EfD in Central America
The EfD-CA aims to contribute to the design and evaluation of public policies and local institutional arrangements that affect environmental protection, sustainable natural resources management and poverty alleviation by: i. strengthening the understanding of the causes and consequences of human decisions as key inputs into policy making, and ii. increasing the interaction between academia and policy makers in Central America.
Most recent publications
- central america | Agriculture Does eco-certification have environmental benefits? Organic coffee in Costa Rica We analyze the environmental impacts of organic coffee certification in central Costa Rica. We use propensity score matching to control for self-selection bias. Organic certification reduces chemical input use. Organic certification increases adoption of environmentally friendly practices. Blackman, Allen and Maria A. Naranjo. 2012., “Does Eco-Certification Have Environmental Benefits? Organic Coffee in Costa Rica”. Ecological Economics, Volume 83, November 2012, Pages 60–68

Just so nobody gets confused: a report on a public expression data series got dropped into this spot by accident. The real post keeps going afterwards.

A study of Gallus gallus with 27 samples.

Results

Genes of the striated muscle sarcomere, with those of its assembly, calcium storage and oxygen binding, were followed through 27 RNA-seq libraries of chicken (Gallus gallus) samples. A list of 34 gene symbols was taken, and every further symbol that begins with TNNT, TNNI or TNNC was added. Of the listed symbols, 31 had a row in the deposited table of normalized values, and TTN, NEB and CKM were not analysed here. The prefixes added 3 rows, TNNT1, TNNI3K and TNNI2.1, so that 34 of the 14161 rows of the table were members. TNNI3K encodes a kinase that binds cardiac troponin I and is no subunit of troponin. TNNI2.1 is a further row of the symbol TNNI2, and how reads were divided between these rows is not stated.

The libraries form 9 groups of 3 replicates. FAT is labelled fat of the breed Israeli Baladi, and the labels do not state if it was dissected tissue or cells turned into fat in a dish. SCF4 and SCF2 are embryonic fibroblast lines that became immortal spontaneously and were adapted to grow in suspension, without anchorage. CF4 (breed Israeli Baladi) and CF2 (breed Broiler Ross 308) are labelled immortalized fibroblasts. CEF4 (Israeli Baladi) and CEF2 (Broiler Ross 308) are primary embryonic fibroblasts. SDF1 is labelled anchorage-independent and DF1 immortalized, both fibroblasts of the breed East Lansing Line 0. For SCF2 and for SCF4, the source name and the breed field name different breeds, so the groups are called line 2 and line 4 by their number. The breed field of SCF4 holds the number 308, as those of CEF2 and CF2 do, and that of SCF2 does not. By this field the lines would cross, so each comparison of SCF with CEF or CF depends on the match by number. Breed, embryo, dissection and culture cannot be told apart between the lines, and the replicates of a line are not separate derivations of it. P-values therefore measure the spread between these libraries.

- central america | Policy design Fuel tax incidence in Costa Rica: Gasoline versus Diesel We conclude that distributional concerns need not rule out using fuel taxes to address pressing public health and safety problems, particularly if gasoline and diesel taxes can be differentiated. Blackman Allen., Rebecca. Osakwe and Francisco Alpizar. 2011. Fuel tax incidence in Costa Rica: Gasoline versus Diesel. In Sterner, T. Ed. (2011). Fuel taxes and the Poor: The distributional Effects of Gasoline Taxation and their Implications for Climate Policy. RFF Press, Washington, D.C.
- central america | Forestry Policy design Contagious development: Neighbor interactions in deforestation To address simultaneity and the presence of spatially correlated unobservables, we measure for neighbors' deforestation using the slopes of neighbors' and neighbors' neighbors' parcels. Robalino, Juan, and Alexander Pfaff. 2012. “Contagious Development: Neighbors’ Interactions in Deforestation”. Journal of Development Economics. 97 (2) 427-36.